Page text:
The Daily Mail has advance sight of a 300,000 word report into 'Breakdown Britain', written by Iain Duncan Smith and his social justice policy group. The report estimates "the cost of family collapse including the burden of welfare benefits on the taxpayer, the amount of debt incurred by single parents trying to survive, and the price to society of coping with associated problems like drug abuse" at £20 billion every year.
Peter Oborne dedicates his column to the report and writes that it will show that while Britain has never been more prosperous, "a new underclass has emerged over the last generation and is growing with terrifying speed and menace. Drugs are an endemic problem, while drunkenness has now reached a scale not seen since Edwardian times. Social mobility has ground to a halt and educational failure is normal. Duncan Smith argues that none of these issues can be understood until the collapse of the family is taken into account."
The 'Breakdown Britain' report does not contain policy prescriptions. They will come later. This report is squarely focused upon the scale of the problem. Oborne concludes with the implications for Project Cameron:
"For while there have been undoubted successes during his first 12 months in office, the new Tory leader has been constantly open to the charge of lurching towards conventional thinking and an already over-populated centre ground. The policy implications of Duncan Smith's survey demand that Cameron takes a leap in the opposite direction. His decision about how to react may well determine whether his leadership of the Conservative Party succeeds or - like Duncan Smith before him - ultimately fails."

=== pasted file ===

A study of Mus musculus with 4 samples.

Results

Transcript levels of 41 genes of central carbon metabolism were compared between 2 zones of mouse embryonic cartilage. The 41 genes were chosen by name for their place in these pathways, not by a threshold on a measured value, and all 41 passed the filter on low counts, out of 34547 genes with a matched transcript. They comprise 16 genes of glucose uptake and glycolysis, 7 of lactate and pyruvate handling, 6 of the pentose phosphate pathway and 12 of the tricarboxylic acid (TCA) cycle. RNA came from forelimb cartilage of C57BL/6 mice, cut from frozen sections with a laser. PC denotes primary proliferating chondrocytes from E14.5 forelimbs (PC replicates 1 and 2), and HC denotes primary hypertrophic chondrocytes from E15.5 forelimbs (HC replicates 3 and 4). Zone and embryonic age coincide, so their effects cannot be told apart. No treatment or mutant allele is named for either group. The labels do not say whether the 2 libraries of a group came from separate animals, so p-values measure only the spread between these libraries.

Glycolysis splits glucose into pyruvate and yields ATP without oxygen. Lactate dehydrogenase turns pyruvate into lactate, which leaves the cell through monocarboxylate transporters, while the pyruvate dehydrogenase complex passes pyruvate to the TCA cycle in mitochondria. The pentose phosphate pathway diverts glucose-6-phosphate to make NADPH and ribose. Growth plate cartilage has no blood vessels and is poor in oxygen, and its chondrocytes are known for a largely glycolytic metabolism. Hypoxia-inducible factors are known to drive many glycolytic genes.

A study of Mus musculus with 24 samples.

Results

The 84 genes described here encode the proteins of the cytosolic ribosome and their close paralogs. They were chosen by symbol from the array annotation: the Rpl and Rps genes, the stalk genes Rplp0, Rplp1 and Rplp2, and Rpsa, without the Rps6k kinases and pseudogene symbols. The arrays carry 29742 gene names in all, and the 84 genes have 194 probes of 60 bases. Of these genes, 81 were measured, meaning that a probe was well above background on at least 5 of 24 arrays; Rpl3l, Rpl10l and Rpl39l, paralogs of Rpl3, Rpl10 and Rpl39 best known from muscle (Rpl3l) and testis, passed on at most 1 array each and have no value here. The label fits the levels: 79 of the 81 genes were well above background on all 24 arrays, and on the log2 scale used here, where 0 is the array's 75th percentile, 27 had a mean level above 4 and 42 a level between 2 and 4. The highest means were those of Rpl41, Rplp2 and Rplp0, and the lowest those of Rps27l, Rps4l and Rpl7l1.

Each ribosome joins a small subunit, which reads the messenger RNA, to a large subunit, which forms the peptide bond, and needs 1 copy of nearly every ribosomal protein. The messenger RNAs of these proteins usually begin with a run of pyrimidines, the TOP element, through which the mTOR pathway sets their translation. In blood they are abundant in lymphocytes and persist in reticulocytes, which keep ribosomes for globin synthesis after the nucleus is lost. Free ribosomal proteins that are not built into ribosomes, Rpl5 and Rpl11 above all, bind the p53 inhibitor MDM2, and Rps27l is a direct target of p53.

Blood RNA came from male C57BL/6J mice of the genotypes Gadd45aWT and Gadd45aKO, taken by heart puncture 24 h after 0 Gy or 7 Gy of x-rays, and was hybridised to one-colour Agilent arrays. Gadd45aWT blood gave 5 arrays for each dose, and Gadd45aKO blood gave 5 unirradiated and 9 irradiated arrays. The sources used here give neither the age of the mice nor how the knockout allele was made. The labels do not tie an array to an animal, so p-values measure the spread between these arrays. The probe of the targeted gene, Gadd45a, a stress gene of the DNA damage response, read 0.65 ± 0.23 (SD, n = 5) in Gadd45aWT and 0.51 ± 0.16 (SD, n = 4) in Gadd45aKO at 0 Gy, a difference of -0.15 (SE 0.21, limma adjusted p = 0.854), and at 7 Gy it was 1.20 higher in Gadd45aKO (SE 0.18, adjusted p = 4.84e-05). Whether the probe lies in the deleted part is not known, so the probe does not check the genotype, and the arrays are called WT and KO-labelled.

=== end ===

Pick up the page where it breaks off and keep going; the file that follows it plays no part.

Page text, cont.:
My own belief is that David Cameron will take that leap in the opposite direction. Marriage was a centrepiece of his October party conference speech. He recently identified absent fathers as a cause of violent criminality. There will be some Tories like Tim Yeo who will continue to resist the overwhelming evidence that strong families underpin social justice but these words from David Cameron suggests that the Tory leader does 'get it':
"Marriage is a great institution, and we should support it. I'm not naïve in thinking that somehow the state can engineer happy families with this policy or that tax break. All I can tell you is what I think. And what I think is this. There's something special about marriage. It's not about religion. It's not about morality. It's about commitment. When you stand up there, in front of your friends and your family, in front of the world, whether it's in a church or anywhere else, what you're doing really means something. Pledging yourself to another means doing something brave and important. You are making a commitment. You are publicly saying: it's not just about me, me me anymore. It is about we - together, the two of us, through thick and thin. That really matters."